When my great-great-great-great-great grandfather Augustin Fehrenbacher and his family made their way from Germany to Pennsylvania in the 1830s, the landscape that greeted them were vast rolling hills prime for farming.
Farming was something the Fehrenbachers from Kappel am Rheim knew something about.
As more and more of them made their way to Cambria County and other areas and towns outside Pittsburgh to set up farms and begin new lives in America, somewhere along the way their last name would change to Farabaugh, and so would some of their vocations.
All Farabaughs around the world come from one of six Fehrenbacher brothers who came to Pennsylvania in the mid 19th century, at a time when western Pennsylvania, along with the rest of the United States, was about to enter the Industrial Age. Pittsburgh would be a sort of Ground Zero; the manufacturing home of steel that would build railroads and buildings from Youngstown, Ohio to Spokane, Washington and all points in between. With the promise of work and money, Farabaughs from around Western Pennsylvania would migrate to the city to work in the mills, or in other jobs that sprung up as the city grew into an industrial hub. Farabaughs would join other Germans, Poles, Ukrainians, Serbians, Croatians, and dozens more ethnic groups in a wave of immigration that changed the demographic of Pittsburgh forever.
While some Farabaughs would stay on farms and in the rural counties, Pittsburgh would become the city where the largest concentrations of our family would call home.
So when the jobs in Pittsburgh started to dwindle as the cities manufacturing status began to change, Farabaughs dispersed throughout the country and the world. Farabaughs could now be found in Pueblo ,Colorado, St. Louis, Missouri, Los Angeles, California, and other cities that offered the promise of jobs and security that could no longer be found in Pittsburgh.
My own family's migration placed us outside Chicago in the late 1980s.
So when Pittsburgh began to reinvent itself, many of the Farabaughs, including my family, were no longer in the area. Banks, hospitals, and technology firms bought up buildings and real estate downtown, and brought different jobs to Pittsburgh.
And with those jobs came a new wave of immigration. When I returned to the city this week to begin coverage of the G20 Summit, I was surprised to learn that Indians form one of the largest foreign-born populations now living in Pittsburgh. 12,000 Indians now call Pittsburgh and the surrounding communities home, and are the latest ethnic group to make their mark on a city that has long depended on immigrants to fuel its prosperity.
Kannu Sahni came to Pittsburgh in the 1970s as the city was in the infancy of its rebirth. Originally from India, the promise of good jobs and a family-friendly city were attractive qualities that kept him here. Now, as his own sons have left the city to attend college, he hopes that they might return, attracted by the attention Pittsburgh continues to receive not just during the G20 summit, but also from the success of sport teams in Pittsburgh, like the Super Bowl champion American football team the Steelers, and the Stanley Cup Hockey Champions the Pittsburgh Penguins.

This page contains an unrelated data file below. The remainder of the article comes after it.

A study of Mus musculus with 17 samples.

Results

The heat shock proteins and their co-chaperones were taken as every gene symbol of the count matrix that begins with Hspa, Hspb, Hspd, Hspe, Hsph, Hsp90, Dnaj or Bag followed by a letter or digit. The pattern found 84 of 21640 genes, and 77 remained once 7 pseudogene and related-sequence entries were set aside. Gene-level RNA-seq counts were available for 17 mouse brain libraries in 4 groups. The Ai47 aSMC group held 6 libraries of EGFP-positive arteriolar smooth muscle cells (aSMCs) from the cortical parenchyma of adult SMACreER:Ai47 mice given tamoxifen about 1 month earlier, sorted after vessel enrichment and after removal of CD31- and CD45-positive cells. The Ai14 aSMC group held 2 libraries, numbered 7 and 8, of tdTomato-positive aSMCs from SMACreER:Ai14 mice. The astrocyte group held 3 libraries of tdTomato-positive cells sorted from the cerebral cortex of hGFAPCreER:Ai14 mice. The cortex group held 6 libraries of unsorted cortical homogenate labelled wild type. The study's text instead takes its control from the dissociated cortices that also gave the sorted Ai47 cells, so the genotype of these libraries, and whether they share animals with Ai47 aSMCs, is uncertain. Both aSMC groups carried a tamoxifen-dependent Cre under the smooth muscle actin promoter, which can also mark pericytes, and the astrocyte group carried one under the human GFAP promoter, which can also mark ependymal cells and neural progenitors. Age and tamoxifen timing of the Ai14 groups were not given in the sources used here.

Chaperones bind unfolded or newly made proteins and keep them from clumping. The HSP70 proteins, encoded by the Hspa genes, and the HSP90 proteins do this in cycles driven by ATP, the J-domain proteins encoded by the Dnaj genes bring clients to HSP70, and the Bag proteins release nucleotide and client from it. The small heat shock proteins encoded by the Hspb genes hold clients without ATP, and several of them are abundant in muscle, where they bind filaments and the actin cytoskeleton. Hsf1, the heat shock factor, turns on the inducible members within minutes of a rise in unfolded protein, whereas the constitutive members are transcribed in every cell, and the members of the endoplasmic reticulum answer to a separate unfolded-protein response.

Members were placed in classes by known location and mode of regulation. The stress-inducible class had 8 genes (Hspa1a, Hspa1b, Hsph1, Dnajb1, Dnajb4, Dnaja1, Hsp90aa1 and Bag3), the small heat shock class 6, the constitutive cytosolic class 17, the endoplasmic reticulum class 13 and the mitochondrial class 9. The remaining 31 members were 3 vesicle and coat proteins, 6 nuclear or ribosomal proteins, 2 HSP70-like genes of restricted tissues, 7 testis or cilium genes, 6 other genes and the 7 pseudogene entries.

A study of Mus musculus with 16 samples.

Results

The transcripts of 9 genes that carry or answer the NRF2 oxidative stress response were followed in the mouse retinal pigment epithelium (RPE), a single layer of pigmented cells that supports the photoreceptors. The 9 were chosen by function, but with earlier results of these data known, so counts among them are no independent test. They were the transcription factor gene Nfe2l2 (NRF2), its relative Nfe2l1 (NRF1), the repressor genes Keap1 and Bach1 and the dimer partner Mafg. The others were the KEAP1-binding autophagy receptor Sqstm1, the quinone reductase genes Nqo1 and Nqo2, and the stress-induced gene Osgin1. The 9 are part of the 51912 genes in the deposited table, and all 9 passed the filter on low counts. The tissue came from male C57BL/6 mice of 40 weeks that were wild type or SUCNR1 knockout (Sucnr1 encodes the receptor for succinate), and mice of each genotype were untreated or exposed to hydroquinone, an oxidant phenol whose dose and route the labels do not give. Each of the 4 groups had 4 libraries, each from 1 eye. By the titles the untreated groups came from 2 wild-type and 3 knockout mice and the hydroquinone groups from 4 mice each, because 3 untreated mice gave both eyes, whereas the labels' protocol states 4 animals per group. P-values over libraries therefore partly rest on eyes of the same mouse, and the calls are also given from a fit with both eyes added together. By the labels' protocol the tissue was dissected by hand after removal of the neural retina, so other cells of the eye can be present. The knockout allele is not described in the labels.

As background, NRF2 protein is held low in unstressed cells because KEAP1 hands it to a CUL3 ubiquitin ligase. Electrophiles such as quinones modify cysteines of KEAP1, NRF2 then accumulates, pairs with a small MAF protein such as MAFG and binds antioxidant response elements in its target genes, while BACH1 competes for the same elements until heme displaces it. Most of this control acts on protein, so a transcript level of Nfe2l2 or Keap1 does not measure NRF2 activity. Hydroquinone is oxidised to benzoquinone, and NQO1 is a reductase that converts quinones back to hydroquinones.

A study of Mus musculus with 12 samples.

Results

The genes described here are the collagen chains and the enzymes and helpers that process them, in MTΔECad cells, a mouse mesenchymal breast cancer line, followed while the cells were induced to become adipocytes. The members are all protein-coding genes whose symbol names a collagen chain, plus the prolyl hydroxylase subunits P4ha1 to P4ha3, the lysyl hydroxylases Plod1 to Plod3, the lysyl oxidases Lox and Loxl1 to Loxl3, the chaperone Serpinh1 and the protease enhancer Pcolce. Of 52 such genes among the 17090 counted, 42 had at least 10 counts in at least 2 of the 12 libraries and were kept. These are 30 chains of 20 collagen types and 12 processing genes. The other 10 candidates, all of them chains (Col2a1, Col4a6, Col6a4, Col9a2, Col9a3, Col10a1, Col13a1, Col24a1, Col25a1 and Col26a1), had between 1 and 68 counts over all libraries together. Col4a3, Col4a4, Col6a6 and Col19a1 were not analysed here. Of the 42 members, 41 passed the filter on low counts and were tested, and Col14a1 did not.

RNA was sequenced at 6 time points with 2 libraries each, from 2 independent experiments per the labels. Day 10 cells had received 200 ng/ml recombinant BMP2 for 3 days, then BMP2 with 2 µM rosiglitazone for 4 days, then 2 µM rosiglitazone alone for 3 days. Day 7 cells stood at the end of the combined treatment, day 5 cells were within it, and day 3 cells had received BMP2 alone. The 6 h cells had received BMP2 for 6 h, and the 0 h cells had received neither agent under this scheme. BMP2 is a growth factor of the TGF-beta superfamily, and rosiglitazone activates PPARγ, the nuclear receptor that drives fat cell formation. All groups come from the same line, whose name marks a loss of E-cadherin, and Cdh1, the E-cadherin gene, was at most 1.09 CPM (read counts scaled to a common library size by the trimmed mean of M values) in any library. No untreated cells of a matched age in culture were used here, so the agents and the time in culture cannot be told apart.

Sunil Wadhwani came to Pittsburgh in the 1970s to attend the prestigious Carnegie Mellon University. After completing a graduate degree, Wadhwani chose to stay in Pittsburgh where he formed a technology company. Now called iGate, Wadhwani now employs over 6,000 people worldwide, and maintains his company headquarters in Pittsburgh.
These are just two of thousands of stories of the people who now form the backbone of the workforce in Pittsburgh. The transformation from blue-collar jobs to white-collar jobs continues today, and is at the center of Pittsburgh's story to the world that the international media is covering during the G20 summit. The city of Pittsburgh hopes to use the Summit as a vehicle that brings more business to the area, and with them, more jobs.
While there are still manufacturing jobs in the area, the universities and hospitals are now the dominant employment engine in Pittsburgh. Looking at the downtown skyline of Pittsburgh, the names of different financial institutions now mark the tops of most buildings in the downtown area.
The continuing rebirth of Pittsburgh is an attractive quality that is bringing people back to their hometown, a city frequently cited as "The Most Livable City" in the United States. It is a story my own family can relate to.
My parents moved back to the area ten years ago, and both of them work in fields that now define Pittsburgh to the world - banking and medicine.
While the prospect of jobs and closeness to family is an attractive draw, I myself have no plans to return to my hometown of Pittsburgh. I'm happy to return to visit family and to cover news stories like the G20 occasionally, but Chicago is home to my Farabaugh family. But no matter where I live, I will always cheer on my favorite team, the Pittsburgh Steelers, despite even a recent loss the to the team in my new hometown, the Chicago Bears.